Community Gardens – Cut out the middle man
Community Gardens are making a come back. In the back woods of Australia if you take the time to talk to the old folk, they’ll fondly reminisce about the struggles of the war years and the camaraderie of the townsfolk banding together to produce food to feed their families and to offer their support in the face of sadness, uncertainty and all too often tragedy.
This is over sixty years ago now and in the decades that have followed, well we’ve seen the result. More people of course, and with it a materialism and waste that is beyond comprehension, especially to these old folk who well knew the meaning of the phrase ‘waste not want not’. Behind those beautiful eyes lies bewilderment at the chaos and speed with which life propels on, day in day out.
Community Gardens offer a sanctuary from this mad frenetic world, where time slows down to a human heartbeat and connection with the wisdom, knowledge and strength of our elders can be rediscovered. It also offers them an opportunity to reconnect with all sectors of the community and leave their urban prisons, which often find them alone in the solitude of their memories.
Birds, bees flowers trees and above all real food can again be accessible to everyone as they happily tend to their vegetable allotments in the company of new friends.
The skill of growing food is a life skill and with these village hubs it can again be passed on to the youth empowering them to take control of their escalating battle to survive in a world where money is god and everyone has their hand out to take however much or little of it you have.
The centralization of people into urban slums has made growing food difficult as buildings swallow up sunlight. Local, unutilized, open sunny tracts of land can be transformed into thriving ecosystems full of life and abundant food.
Seeing the potential, visionaries, intellectuals and simple folk are tentatively coming out of the shadows in droves to offer their skills and knowledge for the benefit of community and themselves.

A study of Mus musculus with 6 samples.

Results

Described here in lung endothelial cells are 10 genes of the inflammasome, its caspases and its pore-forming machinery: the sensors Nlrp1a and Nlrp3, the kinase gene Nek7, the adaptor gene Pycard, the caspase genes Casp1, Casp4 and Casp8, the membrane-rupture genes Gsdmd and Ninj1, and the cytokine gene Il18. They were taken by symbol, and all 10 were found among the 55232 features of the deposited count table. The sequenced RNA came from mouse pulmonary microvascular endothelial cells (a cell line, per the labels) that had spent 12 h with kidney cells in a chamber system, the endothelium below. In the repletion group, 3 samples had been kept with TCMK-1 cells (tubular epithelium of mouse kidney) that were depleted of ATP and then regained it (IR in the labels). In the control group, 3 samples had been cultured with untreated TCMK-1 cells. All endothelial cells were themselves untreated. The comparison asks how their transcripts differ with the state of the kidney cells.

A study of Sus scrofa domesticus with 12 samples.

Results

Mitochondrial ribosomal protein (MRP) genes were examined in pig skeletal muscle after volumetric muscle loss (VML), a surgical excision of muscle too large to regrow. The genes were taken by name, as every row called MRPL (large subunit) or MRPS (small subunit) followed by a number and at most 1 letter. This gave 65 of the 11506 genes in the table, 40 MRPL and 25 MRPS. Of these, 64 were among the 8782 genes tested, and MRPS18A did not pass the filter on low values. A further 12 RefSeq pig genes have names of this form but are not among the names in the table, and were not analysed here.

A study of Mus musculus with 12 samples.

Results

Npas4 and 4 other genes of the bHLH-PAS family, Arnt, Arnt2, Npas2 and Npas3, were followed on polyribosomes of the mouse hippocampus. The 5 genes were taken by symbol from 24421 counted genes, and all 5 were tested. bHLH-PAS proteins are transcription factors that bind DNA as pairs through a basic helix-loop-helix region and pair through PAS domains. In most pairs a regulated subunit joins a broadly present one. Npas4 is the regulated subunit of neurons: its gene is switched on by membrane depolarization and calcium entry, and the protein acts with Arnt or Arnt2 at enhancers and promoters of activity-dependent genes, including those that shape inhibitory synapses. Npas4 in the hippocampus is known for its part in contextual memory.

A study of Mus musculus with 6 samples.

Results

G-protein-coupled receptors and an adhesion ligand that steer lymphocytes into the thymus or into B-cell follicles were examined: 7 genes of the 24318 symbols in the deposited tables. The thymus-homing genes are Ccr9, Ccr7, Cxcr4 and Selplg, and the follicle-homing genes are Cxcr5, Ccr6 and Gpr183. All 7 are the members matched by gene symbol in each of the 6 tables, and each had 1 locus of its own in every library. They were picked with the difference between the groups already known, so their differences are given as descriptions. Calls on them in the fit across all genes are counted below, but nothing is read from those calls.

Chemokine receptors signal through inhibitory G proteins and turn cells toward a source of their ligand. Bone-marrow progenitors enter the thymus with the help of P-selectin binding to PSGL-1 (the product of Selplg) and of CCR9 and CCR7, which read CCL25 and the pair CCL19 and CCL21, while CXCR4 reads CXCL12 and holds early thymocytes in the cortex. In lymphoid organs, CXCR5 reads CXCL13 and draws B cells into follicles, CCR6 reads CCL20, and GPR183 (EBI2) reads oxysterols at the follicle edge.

People work outside their suburbs at jobs that hypnotise them into a routine that demands an iron will and massive stamina to maintain. By the time the week is done, they are so tired they run to the supermarket and are bombarded with sophisticated and ruthless psychological marketing strategies to get them to buy everything, not just food. Most of them are so tired they don’t even know what they are buying anymore. Having no time to research alternatives a mass confusion sets in, leading to poor nutrition, which then leads to poor decision making ability, poor health and often serious illness. This cycle just goes on and on.
Food, Shelter Clothing these are essential to survival. Restructuring your life to include producing some of your own food can have benefits that are far reaching and not just in the kitchen.
Localising food and pooling our resources are the way ahead in a world that is again uncertain. Real food means good health and a clear decisive mind. This is something we are all going to need in the years ahead so we can discern the truth about what it is we are buying, thus supporting.
Those of us fortunate enough to be employed, work very hard to earn the money to buy our food and most of the time we don’t know what’s really in it or where it has come from. It makes sense to go straight to the source and cut out the middle man. Working on growing your food is like working at any other job, you just get food instead of money.
Investigate your local community garden opportunities today. Take some time to smell the roses and slow down to pace that human beings not only thrive, but excel.